Is ETF industry giving women more career opportunities?

Relatively fledgling space proving more fruitful but one of the world’s leading ETF analysts says more change is needed

Is ETF industry giving women more career opportunities?

The fast-rising ETF industry is helping women gain more of a foothold in wealth management.

That’s the view of Deborah Fuhr, managing partner and co-founder of ETFGI and former managing director at both BlackRock /Barclays Global Investors and Morgan Stanley.

Fuhr, one of the world’s leading ETF analysts, is also a founder and on the board of Women in ETFs and addressed the hall during a panel at the Radius Exchange Traded Forum in Toronto yesterday.

While the panellists agreed there was much more to be done to ensure women have the opportunities and pathways to the boardroom, Fuhr told Wealth Professional the ETF industry had provided some encouragement.

She said: “I think women are doing better in the ETF industry because men tend to go for jobs that are high profile and well established.

“ETFs, although they are growing quickly, hasn’t been that segment of the industry to date so you tend to find that women are more likely to raise their hand to do it.”

Men are still the majority, she said, given the fact that women make up only 34% of the financial industry. However, Fuhr, who is hosting the ETFs Global Markets Roundtable in Toronto on May 31, said that simply having extra opportunity to meet people had boosted careers.

She said: “Many have said that Women in ETFs have helped them further their career because of networking. People get a chance to come to events where normally if you’re in legal, portfolio management, HR, wherever, you don’t get a chance to come to these events.

“So we hold events that are free, we invite everyone to come. The chance to come out and meet people is very beneficial. It helps people find new jobs, advance their career, so I’ve seen it help.”

The topic of quotas came up during the panel discussion, with Deborah Frame, president and CIO of Frame Global Asset Management, believing that maybe this was needed to jolt the selection process. She highlighted the example of Justin Trudeau’s 50% cabinet rule and the subsequent success of Chrystia Freeland, currently heading the NAFTA negotiations in her role as Minister of Foreign Affairs.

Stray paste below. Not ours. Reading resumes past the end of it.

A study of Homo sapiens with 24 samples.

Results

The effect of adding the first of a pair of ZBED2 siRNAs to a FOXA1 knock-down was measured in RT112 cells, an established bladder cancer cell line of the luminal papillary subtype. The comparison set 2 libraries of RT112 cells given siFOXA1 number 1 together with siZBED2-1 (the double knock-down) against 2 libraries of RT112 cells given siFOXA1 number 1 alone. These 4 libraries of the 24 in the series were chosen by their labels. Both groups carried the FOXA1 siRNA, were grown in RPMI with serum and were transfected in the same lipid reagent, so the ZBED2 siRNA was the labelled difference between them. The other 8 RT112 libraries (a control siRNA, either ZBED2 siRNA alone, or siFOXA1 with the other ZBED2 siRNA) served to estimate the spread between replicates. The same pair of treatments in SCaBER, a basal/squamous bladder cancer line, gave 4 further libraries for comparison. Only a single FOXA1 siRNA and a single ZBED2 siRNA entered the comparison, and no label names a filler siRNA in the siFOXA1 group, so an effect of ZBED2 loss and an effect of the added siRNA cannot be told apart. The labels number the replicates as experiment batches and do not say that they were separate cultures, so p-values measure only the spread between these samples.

Frame said: “She’s doing an awesome job, respected on the world stage. That’s just one example, that maybe she would not have been in that position [without the rule] and how sometimes you have to start with a quota just to get to a point that makes more sense.

“Without a quota, without unconscious bias, maybe 70% of the cabinet would be women – we don’t know and that’s the problem because we don’t know where we’re starting from.”

For Fuhr, educating people about unconscious bias is preferable to installing quotas which she believes can sometimes lead to suspicion.

She said: “I am not a fan of quotas because I think it makes people think someone is given a job even if they are not qualified. I really think people should be selected based on being qualified for the job but I do think it’s important to have women on the list of people to be considered because too often they are not. I think that is something that could be changed.

“[It’s also] about educating people about unconscious bias; to be aware of what they are doing, how they perceive things like expecting that a woman’s likely going to go get married and have babies and not work. I think there are a lot of things that float around in people’s heads.”

The ETFs Global Markets Roundtable takes place on May 15 in New York, while the Toronto event takes place on May 31.